After Pope Francis reiterated what the Catholic Church teaches about how gays should be treated, some in the media reported that his words suggested a more liberal direction for the Church.
"If someone is gay and he searches for the Lord and has good will, who am I to judge?" Francis told reporters in a informal interview.
While that was the most quoted line from the interview, what he said immediately afterward was cited less often: "The Catechism of the Catholic Church explains this very well. It says one must not marginalize these persons, they must be integrated into society. The problem isn't this [homosexual] orientation – we must be like brothers and sisters. The problem is something else, the problem is lobbying either for this orientation or a political lobby or a Masonic lobby."
Francis was answering a question about the so-called "gay lobby" within the Catholic Church that seeks to change the Church's position on homosexuality.
The relevant portion of the Catechism that Francis was referring to states: "The number of men and women who have deep-seated homosexual tendencies is not negligible. This inclination, which is objectively disordered, constitutes for most of them a trial. They must be accepted with respect, compassion, and sensitivity. Every sign of unjust discrimination in their regard should be avoided. These persons are called to fulfill God's will in their lives and, if they are Christians, to unite to the sacrifice of the Lord's Cross the difficulties they may encounter from their condition."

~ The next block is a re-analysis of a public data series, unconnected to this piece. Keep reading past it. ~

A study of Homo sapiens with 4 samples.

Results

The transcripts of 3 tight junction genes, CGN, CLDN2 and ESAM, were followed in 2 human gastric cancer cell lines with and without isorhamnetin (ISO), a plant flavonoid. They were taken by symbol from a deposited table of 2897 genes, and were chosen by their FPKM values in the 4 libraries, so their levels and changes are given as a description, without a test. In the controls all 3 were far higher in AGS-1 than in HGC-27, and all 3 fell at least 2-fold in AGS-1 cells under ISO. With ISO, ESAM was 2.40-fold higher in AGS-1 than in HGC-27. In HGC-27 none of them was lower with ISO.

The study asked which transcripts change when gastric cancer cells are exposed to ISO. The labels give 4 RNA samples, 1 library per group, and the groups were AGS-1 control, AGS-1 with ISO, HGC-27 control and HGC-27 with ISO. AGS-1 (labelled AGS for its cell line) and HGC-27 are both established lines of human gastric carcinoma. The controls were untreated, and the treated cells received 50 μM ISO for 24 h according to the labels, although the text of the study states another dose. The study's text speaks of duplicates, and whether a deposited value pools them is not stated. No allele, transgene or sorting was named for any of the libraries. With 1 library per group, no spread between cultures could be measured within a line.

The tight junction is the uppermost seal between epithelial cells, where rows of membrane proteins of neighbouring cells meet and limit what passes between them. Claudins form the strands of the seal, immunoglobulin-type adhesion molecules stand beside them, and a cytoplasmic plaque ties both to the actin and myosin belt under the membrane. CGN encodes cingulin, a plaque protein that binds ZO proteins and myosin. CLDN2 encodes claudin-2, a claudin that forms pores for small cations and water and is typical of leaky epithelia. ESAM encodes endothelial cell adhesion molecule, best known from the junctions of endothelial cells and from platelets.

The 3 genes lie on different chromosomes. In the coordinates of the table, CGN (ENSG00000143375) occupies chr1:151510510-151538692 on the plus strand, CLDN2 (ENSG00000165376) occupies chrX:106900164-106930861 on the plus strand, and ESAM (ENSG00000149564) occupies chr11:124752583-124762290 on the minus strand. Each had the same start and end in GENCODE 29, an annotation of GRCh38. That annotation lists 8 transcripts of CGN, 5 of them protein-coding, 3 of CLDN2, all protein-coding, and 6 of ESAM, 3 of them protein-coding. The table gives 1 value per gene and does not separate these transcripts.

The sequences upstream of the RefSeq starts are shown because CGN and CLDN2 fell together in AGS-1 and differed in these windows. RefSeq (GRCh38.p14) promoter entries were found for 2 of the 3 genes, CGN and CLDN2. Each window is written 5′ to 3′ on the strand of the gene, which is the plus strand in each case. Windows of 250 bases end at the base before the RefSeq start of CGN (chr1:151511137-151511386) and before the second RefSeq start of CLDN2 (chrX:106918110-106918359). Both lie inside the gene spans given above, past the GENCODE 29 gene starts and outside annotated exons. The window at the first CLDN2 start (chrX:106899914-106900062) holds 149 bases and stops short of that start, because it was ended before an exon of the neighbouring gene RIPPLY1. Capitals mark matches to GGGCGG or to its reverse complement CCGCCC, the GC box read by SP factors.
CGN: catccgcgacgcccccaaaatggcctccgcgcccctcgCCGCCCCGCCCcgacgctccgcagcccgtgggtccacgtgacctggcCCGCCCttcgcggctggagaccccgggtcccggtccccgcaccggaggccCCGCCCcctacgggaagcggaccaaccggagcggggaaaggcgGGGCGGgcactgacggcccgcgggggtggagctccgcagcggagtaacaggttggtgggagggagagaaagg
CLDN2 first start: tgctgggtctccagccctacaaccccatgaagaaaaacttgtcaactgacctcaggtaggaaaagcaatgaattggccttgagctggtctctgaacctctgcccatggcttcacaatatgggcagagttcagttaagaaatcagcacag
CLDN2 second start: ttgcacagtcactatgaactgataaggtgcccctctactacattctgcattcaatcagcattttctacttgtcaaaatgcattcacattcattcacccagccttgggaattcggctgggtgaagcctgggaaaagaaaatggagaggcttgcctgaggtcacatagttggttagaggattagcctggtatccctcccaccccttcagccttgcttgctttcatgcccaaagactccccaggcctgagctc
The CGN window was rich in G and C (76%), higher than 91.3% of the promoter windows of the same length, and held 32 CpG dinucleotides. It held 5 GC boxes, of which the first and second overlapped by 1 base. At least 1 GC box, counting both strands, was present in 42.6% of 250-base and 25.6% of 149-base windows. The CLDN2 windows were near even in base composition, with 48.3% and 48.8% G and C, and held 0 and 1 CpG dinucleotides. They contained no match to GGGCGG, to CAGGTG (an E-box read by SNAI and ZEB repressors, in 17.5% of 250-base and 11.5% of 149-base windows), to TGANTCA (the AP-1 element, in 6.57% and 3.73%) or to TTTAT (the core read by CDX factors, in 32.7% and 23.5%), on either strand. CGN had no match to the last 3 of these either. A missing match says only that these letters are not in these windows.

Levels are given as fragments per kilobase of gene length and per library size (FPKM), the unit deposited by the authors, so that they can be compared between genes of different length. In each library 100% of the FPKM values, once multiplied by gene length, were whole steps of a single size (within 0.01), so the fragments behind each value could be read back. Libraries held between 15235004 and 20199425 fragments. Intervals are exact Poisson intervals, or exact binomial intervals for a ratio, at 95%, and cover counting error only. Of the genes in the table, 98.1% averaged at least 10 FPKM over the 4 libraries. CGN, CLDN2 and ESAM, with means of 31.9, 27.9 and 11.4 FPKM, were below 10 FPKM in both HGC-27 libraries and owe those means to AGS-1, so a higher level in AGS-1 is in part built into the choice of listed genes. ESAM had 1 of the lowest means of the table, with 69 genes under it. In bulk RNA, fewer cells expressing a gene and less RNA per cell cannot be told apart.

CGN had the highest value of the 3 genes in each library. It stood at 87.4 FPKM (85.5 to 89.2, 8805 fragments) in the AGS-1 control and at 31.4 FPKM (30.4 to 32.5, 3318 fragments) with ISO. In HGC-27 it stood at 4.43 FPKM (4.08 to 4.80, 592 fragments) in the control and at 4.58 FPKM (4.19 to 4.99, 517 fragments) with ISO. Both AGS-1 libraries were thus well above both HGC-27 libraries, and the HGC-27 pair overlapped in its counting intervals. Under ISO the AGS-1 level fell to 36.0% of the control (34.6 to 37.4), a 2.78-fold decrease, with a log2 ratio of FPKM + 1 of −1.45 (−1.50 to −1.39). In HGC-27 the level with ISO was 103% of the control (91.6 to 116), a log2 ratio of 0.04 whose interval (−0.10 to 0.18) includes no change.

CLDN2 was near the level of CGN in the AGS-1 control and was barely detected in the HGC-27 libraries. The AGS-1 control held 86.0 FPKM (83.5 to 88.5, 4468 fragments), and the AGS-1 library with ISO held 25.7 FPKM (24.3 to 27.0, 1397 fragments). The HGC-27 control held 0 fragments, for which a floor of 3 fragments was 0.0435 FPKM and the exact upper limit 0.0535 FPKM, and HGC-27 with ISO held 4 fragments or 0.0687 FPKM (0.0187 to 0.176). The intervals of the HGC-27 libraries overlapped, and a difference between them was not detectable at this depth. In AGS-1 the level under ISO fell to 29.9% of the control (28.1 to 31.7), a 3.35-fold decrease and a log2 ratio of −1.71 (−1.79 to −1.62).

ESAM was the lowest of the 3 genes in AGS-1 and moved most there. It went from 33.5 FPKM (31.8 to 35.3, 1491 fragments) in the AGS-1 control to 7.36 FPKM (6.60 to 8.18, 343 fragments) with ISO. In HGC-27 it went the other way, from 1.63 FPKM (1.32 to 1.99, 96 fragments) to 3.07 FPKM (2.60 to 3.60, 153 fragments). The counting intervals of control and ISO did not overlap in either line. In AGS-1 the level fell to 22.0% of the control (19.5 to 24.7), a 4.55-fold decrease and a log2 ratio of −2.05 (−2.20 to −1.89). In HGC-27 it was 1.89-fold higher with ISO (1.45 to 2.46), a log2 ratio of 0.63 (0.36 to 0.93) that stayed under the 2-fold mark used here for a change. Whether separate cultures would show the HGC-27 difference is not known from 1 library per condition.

So, as Francis noted immediately after the "who am I to judge" quote, his remarks were consistent with existing Catholic doctrine. Many media reports suggested, though, that Francis' remarks signaled a policy shift. Some even suggested that the Catholic Church might begin to allow the ordination of openly gay priests.
Mollie Hemingway has a good overview of some of the coverage at the Get Religion blog.
"The pope's predecessor, Pope Benedict XVI, authored a document that said men with homosexual orientations should not be priests. Francis appears to be softening that position," Eric Lyman wrote for USA Today.
Nicole Winfield made a similar mistake for Associated Press: "[Pope Francis'] predecessor, Pope Benedict XVI, signed a document in 2005 that said men with deep-rooted homosexual tendencies should not be priests. Francis was much more conciliatory, saying gay clergymen should be forgiven and their sins forgotten."
While some theological conservatives may complain that the media is using Francis' words to promote their own agenda, or the view that most are moving toward the belief that homosexuality is not a sin, conservative Catholic blogger Elizabeth Scalia takes a different view. Francis has wisely used the media to get them to write about Catholic doctrine, she argues.
"Unlike Pope Benedict XVI, who was already despised by the press as Cardinal Ratzinger, Francis is the surprising, not-quite-known entity with whom the press is still unfamiliar and thus only marginally prepared to counter. He keeps people on their toes. He declines interviews, then unexpectedly pops in for one, and then proclaims the reality of Church teachings through a subject the press cannot resist covering," Scalia wrote for First Things.
A satirical Catholic news website, Eye of the Tiber, poked fun at the media's misreporting with this headline: "Pope Francis Declares Homosexuality Obligatory for all Catholics, New York Times Reports."